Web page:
Best Comedy Movies of 1918
A Dog's Life
The Tramp and his dog companion struggle to survive in the inner city.
An American doughboy, stationed in France during the Great War, goes on a daring mission behind enemy lines and becomes a hero.
The Ghost of Rosy Taylor
George Periolat plays a dual role in this film, initially as Joseph Sayles a sickly old man who has taken his daughter, Rhoda (played by Mary Miles Minter), overseas after a quarrel with his family. She yearns to return home, but he has disowned his past. After his death, Rhoda ventures to America on her own. She nearly becomes destitute for a lack of money but happens upon some questionable fortune as she takes on the chores of Rosy Taylor after inadvertently finding an envelope with money in it. Rosy had been hired as a housekeeper (thus the money), but has passed away before actually showing up for employment.
The Bell Boy
At the Elk's Head Hotel bellhops torment the lobby, each other and guests. The elevator is powered by a stubborn horse. A sham robbery turns into a real one. And there is a chase on a runaway trolley.
Mickey, an orphan who has been brought up in a mining settlement, is sent to New York to live with her aunt.
In an attempt at greater efficiency, the chef of a fancy oceanside restaurant and his assistant wreak havoc in the establishment. Adding to the complications is the arrival of a robber.
The story involves Arbuckle coming to the western town of Mad Dog Gulch after being thrown off a train and chased by Indians. He teams up with gambler/saloon owner Bill Bullhum, in trying to keep the evil Wild Bill Hickup away from Salvation Army girl, Salvation Sue. Fatty and Buster have a series of adventures trying to beat St. John, until they discover his one weakness: his ticklishness.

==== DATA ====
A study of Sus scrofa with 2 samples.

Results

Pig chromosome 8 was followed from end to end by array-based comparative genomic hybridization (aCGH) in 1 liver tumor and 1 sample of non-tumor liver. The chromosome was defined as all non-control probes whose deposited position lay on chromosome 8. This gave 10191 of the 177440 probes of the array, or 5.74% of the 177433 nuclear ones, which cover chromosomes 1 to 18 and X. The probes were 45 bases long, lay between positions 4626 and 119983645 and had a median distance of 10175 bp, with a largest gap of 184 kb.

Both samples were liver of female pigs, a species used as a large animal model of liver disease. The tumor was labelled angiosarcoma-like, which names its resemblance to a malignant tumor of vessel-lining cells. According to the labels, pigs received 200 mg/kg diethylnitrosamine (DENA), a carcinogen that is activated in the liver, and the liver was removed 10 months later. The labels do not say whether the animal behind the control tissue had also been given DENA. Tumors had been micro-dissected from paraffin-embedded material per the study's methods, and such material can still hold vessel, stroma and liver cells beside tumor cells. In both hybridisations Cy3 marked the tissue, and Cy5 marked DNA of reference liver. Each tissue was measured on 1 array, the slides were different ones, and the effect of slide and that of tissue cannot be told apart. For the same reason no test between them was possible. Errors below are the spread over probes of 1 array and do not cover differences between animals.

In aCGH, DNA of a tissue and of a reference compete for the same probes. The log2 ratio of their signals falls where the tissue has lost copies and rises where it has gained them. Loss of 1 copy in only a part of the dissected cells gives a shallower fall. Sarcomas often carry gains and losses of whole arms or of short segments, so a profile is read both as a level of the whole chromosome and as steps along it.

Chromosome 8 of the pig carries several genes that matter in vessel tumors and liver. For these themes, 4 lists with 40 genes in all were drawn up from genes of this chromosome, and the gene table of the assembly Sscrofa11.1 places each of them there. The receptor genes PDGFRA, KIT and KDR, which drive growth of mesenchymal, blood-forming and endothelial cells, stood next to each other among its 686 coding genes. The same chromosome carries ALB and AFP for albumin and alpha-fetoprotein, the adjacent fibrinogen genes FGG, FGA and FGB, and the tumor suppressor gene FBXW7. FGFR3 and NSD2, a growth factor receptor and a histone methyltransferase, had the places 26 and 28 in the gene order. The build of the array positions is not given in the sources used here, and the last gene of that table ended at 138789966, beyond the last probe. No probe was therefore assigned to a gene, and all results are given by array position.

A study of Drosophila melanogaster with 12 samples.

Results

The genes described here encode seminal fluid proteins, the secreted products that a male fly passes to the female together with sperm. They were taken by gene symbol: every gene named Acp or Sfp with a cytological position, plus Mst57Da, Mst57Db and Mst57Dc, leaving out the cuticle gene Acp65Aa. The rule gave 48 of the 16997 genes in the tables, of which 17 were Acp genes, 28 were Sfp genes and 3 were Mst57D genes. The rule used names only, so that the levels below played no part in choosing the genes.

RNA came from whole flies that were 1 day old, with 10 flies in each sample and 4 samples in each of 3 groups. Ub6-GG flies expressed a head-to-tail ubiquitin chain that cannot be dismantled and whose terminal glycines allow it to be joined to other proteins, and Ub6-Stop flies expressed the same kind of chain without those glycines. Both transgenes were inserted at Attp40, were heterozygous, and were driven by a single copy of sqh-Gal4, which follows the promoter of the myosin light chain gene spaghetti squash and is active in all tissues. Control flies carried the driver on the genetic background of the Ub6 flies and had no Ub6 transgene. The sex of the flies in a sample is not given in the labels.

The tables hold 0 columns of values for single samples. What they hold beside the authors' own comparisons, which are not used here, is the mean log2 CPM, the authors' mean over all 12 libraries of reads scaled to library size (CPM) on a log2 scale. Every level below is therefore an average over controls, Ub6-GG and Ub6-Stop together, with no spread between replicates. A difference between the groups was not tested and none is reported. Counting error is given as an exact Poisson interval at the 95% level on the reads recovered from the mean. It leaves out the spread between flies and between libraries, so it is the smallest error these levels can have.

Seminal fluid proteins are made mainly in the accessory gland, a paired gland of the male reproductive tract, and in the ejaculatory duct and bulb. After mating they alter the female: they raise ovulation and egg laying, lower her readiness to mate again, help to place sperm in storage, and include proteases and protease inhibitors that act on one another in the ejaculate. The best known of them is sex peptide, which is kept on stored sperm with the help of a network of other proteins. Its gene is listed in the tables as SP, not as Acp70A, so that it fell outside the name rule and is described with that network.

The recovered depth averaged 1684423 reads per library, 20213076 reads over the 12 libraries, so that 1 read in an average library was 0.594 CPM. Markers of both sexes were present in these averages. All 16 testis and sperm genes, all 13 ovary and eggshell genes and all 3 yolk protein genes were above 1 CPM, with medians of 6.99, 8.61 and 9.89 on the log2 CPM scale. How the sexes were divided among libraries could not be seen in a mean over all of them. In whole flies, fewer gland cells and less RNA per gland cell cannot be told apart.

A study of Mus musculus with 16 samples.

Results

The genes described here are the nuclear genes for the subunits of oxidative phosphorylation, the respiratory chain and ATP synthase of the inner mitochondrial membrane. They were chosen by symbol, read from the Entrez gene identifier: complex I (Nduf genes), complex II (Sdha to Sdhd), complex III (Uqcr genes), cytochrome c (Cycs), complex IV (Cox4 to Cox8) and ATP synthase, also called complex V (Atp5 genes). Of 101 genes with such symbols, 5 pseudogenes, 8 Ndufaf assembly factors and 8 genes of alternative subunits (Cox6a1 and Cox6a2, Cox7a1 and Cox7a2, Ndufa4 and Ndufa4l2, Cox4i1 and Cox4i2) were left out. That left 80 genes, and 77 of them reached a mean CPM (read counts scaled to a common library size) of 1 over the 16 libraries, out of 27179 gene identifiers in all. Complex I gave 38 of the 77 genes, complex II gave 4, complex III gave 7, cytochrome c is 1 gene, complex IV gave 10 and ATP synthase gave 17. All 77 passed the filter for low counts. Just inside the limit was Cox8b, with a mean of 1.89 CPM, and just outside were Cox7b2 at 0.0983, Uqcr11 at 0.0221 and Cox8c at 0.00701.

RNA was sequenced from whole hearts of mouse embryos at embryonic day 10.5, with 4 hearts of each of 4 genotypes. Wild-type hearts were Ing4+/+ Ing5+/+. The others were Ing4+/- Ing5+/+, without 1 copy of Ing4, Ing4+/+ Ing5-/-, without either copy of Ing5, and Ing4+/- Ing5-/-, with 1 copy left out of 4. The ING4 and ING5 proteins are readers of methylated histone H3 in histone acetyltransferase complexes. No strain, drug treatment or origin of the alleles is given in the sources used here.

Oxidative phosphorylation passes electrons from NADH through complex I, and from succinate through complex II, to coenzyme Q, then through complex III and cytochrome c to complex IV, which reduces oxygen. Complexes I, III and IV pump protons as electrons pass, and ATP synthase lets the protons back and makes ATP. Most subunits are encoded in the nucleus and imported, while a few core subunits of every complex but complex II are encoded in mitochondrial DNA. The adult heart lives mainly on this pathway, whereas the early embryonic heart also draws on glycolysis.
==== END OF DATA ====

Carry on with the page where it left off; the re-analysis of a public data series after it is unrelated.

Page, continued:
Good Night, Nurse!
Roscoe's wife, tired of his endless drunkenness, reads of an operation that cures alcoholism and has him admitted to No Hope Sanitarium to get the surgery. Roscoe, wanting out, eventually disguises himself as a nurse to effect his escape.
The Dream Lady
After receiving an inheritance from an uncle, a woman starts a fortune telling business designed to make her dreams come true.
In this early short Harold Lloyd sneaks into a movie studio in order to locate an attractive young lady he's just met at a snack bar. He's retrieved a letter she dropped and wants to return it to her, but it's pretty clear that his interest extends beyond mere politeness. (She's the adorable young Bebe Daniels, so this is easy to understand.) The movie studio setting provides Harold with lots of opportunities to do what comedians do in comedies like this one: flirt with actresses, anger the studio brass, and dash through sets disrupting everything.